This is a guest post by Audrey Kim, former Senior Product & Strategy Director at LearnVest, an award-winning personal finance platform, which through its subsidiary, LearnVest Planning, provides fee-based financial advisory services.
Employers across the country are increasingly using financial wellness as a strategic asset for employee retention. The reasons are simple: Money stresses out everyone, your employees included. A2015 Bank of America study found employees citing financial stress as their #1 concern (5x greater than their personal health). A similarPrudential study cites 7 out of 10 HR managers revealing that personal financial issues have a large impact on employee performance. Short of giving everyone a massive raise, the more you can do to alleviate employee financial stress, the higher the chances that your team can focus on their work and move your company’s goals forward.
Employee Stressor #1: Cash Flow Management
For high and low earners alike, a surprisingly large financial stressor is personal cash flow management (i.e., budgeting). Sometimes this has to do with spending irresponsibly. But oftentimes it comes down to a mismatch between how frequently money comes in (roughly every two weeks) and how frequently money goes out (all the time – sometimes in big, irregular chunks). Many people try to stick to a monthly budget (for example, $500/month on restaurants) and plan to save whatever’s leftover. The problem is that large, non-monthly expenses (think vacations, holiday gifts, or annual insurance premiums) obliterate the opportunity to save and create a domino effect that lasts for several months. The end result can be going a full year without effectively having saved anything — which can cause a wave of panic during the times that most people reflect on their finances, like year-end or tax time.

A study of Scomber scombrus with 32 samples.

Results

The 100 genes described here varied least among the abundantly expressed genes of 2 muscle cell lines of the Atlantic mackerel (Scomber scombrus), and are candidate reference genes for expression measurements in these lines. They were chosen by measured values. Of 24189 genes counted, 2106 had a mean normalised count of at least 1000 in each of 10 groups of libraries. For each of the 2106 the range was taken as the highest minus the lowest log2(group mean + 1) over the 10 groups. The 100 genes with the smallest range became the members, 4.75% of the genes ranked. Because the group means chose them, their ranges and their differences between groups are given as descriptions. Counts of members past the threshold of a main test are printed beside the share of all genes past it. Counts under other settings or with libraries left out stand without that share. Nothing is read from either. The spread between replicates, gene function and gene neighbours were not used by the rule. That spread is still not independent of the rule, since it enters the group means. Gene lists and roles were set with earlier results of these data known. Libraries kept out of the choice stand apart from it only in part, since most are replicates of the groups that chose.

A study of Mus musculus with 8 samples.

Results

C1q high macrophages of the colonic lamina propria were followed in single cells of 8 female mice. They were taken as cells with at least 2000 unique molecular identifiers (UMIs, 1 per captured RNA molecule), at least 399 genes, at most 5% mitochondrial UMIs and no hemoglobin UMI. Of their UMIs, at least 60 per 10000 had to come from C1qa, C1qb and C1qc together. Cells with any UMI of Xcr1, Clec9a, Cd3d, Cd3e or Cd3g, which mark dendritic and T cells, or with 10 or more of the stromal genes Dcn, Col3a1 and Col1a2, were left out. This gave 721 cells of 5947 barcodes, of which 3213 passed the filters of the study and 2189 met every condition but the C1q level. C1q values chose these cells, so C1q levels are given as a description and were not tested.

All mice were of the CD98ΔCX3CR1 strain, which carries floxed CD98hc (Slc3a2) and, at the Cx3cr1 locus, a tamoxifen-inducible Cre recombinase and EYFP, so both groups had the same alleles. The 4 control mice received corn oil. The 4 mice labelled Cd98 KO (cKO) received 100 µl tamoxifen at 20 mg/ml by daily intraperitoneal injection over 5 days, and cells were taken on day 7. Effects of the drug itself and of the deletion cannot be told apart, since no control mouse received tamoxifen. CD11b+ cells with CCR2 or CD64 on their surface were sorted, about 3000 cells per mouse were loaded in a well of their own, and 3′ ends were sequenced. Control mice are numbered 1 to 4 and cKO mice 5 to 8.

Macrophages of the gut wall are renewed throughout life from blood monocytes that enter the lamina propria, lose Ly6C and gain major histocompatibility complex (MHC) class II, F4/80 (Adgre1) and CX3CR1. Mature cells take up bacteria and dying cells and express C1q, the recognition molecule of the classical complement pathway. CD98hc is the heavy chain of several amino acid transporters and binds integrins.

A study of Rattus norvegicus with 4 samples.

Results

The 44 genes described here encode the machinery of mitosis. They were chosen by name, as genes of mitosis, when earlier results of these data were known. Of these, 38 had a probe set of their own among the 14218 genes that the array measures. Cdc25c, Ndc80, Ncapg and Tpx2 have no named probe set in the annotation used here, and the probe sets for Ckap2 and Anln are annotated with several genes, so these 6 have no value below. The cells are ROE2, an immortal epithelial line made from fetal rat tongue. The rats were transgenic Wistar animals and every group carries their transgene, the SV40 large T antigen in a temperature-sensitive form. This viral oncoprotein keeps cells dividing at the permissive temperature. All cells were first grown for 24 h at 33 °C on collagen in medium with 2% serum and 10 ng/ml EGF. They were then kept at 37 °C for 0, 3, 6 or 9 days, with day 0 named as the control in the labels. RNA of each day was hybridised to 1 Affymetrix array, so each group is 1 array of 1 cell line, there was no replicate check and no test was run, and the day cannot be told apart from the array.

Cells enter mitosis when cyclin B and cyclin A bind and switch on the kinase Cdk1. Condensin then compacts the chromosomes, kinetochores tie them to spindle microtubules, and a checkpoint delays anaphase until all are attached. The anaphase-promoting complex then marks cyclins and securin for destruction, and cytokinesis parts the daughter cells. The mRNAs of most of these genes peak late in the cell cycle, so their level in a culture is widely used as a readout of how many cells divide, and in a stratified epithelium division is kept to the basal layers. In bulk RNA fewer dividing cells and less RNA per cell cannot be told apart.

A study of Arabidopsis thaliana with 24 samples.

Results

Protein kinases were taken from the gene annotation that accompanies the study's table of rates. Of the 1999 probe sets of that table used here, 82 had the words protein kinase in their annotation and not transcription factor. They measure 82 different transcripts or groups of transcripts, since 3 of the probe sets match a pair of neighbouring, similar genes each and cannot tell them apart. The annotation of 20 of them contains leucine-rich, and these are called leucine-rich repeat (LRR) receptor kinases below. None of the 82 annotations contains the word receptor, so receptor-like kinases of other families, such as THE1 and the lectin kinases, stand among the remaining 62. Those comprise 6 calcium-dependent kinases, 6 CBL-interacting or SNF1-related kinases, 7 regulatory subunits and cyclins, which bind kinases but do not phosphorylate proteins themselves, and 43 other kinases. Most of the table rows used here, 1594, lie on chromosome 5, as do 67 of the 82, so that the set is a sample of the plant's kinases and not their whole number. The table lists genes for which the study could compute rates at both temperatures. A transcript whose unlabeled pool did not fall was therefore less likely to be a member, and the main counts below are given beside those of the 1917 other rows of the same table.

Flip the Cash Flow Funnel Upside Down (Especially For Retirement)
Modern financial planners, likeLearnVest Planning Services, have a clever answer to this problem: Flip the cash flow funnel upside down. Rather than save whatever’s left at the end of the month, they advise you to commit to a particular savings goal and then spend whatever is left after that. It sounds simple, but the problem with most financial advice like this is that it’s easy to listen to and difficult to act upon.
This advice is particularly relevant when it comes to your employees’ retirement. Retirement is the largest financial goal that most people ever attempt: you essentially have to pay yourself as an employee for several decades. That goal has only grown more daunting over time, as life expectancy has grown faster than wages, and as the savings burden has shifted from the government (through Social Security) to the individual earner. Disconcertingly, that sea change hasn’t triggered an accompanying shift in savings behavior; according to theNational Institute of Personal Finance Employee Education, 90% of US workers are not consistently saving for retirement. And they know it’s a problem – a recentHarris Poll found 85% of employees uncomfortable with the status of their retirement savings.
How You Can Help: A Lightweight, Affordable 401(k) Plan
An employer-sponsored 401(k) is the perfect way to help your employees to flip their cash flow funnel upside down, because the savings contributions are fixed and automatic, and because the contributions get deducted before the money has a chance to burn a hole in their proverbial pocket (not to mention the significant tax savings provided by both the Traditional and Roth options). The automatic nature of 401(k) contributions make it incredibly easy for employees to “set and forget” something that dramatically increases their financial well-being.
Until now, small business 401(k) plans have been prohibitively expensive, mostly in time and bandwidth for the small business. Thankfully, a new wave of technology-enabled companies are beginning to provide affordable, truly out-of-the-box solutions for small business owners.